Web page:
Concordia University

Past projects

National Cellulosic Biofuels Network

CSFG will be coordinating the academic research done by nine universities which are part of the Cellulosic Biofuels Network (CBN). The CBN will focus its research on the sustainable production of ethanol and associated bio-products from cellulosic material.

Fungal Genomics Project

The fungal genomics project uses functional genomics approaches to identify fungal enzymes for industrial and environmental applications.

Gene discovery and expression analysis in Aspergillus niger

Applicants: Reginald Storms, Adrian Tsang and Greg Butler (Concordia)

Analysis of the results from transcriptional profiling will enhance our understanding about how protein expression and protein secretion are regulated. The EST results and transcriptional profiling database will identify proteins with commercial relevance and facilitate rational approaches for engineering expression strains that can express and secrete valuable proteins at the high levels required by industry.

Structural and functional genomics of aromatic degradation in a model yeast T. cutaneum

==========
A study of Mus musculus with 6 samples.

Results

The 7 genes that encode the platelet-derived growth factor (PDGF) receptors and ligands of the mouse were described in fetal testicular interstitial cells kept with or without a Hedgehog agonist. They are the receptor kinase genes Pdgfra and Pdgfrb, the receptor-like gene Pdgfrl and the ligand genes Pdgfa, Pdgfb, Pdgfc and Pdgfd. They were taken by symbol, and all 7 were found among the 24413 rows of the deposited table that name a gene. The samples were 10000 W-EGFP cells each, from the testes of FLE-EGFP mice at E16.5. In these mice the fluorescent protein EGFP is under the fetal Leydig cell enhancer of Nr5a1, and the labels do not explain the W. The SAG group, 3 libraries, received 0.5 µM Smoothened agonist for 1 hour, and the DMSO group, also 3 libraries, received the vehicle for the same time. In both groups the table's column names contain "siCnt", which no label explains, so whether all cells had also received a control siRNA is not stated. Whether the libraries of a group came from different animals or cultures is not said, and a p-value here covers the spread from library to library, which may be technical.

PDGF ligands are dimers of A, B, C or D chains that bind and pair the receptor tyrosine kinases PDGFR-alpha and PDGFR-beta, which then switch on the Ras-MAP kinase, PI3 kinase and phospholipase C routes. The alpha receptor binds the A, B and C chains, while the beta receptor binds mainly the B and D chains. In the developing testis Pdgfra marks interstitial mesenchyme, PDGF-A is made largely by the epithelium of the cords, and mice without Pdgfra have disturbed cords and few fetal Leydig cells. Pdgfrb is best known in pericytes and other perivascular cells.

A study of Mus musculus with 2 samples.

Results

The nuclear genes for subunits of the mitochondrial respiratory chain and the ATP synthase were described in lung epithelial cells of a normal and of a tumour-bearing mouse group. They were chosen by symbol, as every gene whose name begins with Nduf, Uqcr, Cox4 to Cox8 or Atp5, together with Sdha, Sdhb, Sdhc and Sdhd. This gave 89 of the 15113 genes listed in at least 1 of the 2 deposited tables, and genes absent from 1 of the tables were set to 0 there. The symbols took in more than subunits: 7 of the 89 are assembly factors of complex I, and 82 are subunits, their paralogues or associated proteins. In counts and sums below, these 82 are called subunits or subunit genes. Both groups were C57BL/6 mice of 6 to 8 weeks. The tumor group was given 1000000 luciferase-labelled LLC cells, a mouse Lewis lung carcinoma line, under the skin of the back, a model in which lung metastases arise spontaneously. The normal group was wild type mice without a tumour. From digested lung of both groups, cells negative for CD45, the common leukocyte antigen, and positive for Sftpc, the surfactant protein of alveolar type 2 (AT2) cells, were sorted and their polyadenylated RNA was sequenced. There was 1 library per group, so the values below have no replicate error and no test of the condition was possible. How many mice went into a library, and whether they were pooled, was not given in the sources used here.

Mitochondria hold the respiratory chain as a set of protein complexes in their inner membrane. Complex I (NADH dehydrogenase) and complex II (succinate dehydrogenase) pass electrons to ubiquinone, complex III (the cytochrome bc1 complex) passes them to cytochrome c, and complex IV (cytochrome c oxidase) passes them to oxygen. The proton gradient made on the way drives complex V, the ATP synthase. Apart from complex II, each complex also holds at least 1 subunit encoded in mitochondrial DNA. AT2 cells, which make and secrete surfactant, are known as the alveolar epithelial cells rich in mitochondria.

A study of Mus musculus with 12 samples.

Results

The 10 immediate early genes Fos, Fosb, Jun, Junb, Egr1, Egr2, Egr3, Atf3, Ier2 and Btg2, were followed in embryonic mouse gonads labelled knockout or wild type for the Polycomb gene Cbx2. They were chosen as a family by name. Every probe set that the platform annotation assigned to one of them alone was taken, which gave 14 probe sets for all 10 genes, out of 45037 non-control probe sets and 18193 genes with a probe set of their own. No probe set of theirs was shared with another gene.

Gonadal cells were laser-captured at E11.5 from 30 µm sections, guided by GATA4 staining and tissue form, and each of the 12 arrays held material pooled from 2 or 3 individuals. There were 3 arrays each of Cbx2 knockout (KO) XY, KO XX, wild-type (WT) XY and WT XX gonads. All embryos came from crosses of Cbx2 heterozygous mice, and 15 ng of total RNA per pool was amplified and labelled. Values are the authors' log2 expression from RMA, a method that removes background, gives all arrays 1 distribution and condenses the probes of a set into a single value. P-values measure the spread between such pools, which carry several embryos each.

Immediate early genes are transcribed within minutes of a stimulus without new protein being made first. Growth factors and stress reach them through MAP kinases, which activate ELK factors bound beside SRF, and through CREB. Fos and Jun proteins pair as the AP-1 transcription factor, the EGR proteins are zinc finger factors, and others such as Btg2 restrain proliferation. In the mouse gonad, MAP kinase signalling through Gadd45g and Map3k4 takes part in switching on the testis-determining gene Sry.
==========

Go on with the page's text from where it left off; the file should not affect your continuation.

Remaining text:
Applicants: Paul Joyce, Justin Powlowski (Concordia)

The degradation of environmental toxins by microorganisms is an activity that has the potential to be harnessed for the destruction of chemical waste and environmental pollutants. In order to exploit this power, it is necessary to understand how microorganisms respond to the presence of these toxins.


Functional genomics of low temperature tolerance in crop plants

Applicants: Fathey Sarhan (UQAM), Jean-François Laliberté (INRS), Patrick Gulick (Concordia), Luc Varin (Concordia)

The current proposal focuses on the identification and characterization of the genetic mechanisms that are central to the induction and regulation of low-temperature (LT) tolerance at the whole plant and molecular level. LT tolerance has been identified as a "crucial strategic" trait for Canadian crops.

Functional genomics and mapping of stress regulated genes in cereals

Applicants: Fathey Sarhan (UQAM), Patrick Gulick (Concordia), Brian Fowler (University of Saskatchewan)

Genomic analysis will make a dramatic contribution to the analysis and genetic engineering of cold tolerance in wheat, one of Canada's and the world's most important crops.